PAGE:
Stafford County, Virginia, schools have scrapped a plan adopted in early July to begin the new academic year with a mix of virtual and in-person learning.
Instead, the school board has voted to open the year with virtual learning for nearly all elementary, middle and high school students.
“If I was focused on what I think I was elected to do, which is education policy, I would be endorsing a plan, if I could, that focuses on in-face instruction and engagement,” said Holly Hazard, the school board’s chairwoman.
“I’ve heard your cry for this from student to staff to family. However, I think the decision we make tonight is not an education decision, it’s a health decision.”
Because of the risks associated with COVID-19, the board determined that all but exempted students will open the school year with virtual learning. Categories of exempted students are expected to be further defined at the board’s Aug. 11 meeting, but they are expected to include special education students and English language learners.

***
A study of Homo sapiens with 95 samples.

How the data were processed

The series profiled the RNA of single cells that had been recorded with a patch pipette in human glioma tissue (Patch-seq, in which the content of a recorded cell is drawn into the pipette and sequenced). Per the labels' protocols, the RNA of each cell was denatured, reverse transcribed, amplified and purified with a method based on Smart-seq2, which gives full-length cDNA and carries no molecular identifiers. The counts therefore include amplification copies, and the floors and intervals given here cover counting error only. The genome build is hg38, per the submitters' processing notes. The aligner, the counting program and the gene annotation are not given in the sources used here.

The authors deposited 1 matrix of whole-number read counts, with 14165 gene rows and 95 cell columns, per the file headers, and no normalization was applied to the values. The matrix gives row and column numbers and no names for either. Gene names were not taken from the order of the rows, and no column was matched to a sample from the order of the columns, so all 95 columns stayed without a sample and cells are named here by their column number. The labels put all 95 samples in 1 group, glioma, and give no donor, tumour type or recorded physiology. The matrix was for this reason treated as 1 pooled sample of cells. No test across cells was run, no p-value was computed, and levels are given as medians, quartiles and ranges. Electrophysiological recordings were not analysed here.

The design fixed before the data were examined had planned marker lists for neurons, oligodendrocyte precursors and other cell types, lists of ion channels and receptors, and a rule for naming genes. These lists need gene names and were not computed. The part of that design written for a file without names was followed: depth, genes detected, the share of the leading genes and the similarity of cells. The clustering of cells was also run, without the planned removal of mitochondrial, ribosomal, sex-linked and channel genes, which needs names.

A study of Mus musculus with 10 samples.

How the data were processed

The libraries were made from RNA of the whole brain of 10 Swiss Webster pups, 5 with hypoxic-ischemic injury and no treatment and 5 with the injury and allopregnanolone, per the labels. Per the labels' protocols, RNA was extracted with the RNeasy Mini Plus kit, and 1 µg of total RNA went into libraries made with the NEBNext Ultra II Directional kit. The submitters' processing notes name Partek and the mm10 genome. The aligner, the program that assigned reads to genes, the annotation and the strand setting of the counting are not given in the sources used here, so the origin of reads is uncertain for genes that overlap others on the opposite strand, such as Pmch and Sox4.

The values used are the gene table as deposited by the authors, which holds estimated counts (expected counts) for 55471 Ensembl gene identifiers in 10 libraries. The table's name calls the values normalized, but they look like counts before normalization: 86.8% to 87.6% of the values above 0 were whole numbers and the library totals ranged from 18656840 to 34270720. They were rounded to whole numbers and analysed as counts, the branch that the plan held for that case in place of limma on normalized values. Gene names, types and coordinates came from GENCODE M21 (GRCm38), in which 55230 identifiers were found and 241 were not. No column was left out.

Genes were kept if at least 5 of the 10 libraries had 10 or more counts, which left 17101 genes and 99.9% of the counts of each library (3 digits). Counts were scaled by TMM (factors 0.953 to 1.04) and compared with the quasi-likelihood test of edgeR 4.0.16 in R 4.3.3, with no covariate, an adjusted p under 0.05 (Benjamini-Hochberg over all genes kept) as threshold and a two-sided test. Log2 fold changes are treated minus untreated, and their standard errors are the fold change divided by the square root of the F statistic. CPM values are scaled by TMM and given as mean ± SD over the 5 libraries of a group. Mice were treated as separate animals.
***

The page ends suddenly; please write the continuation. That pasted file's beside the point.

“I wish we could go back to school every day, but I know we can’t. We can’t do that right now and we have to do the best we can that we’re able with our resources,” said Patricia Healy, board member for the Falmouth district.
Board members discussed the changing dynamics of the pandemic, and superintendent Scott Kizner said it’s still unclear what resources will be available to the school system.
“Since June 15, we’ve had 50 total resignations or leave of absences — 39 teachers, five par-professionals and six other service staff,” said Kizner.
The virtual learning plan will be reviewed by the school board on Dec. 21, before winter break, to determine if it should continue for the remainder of the year.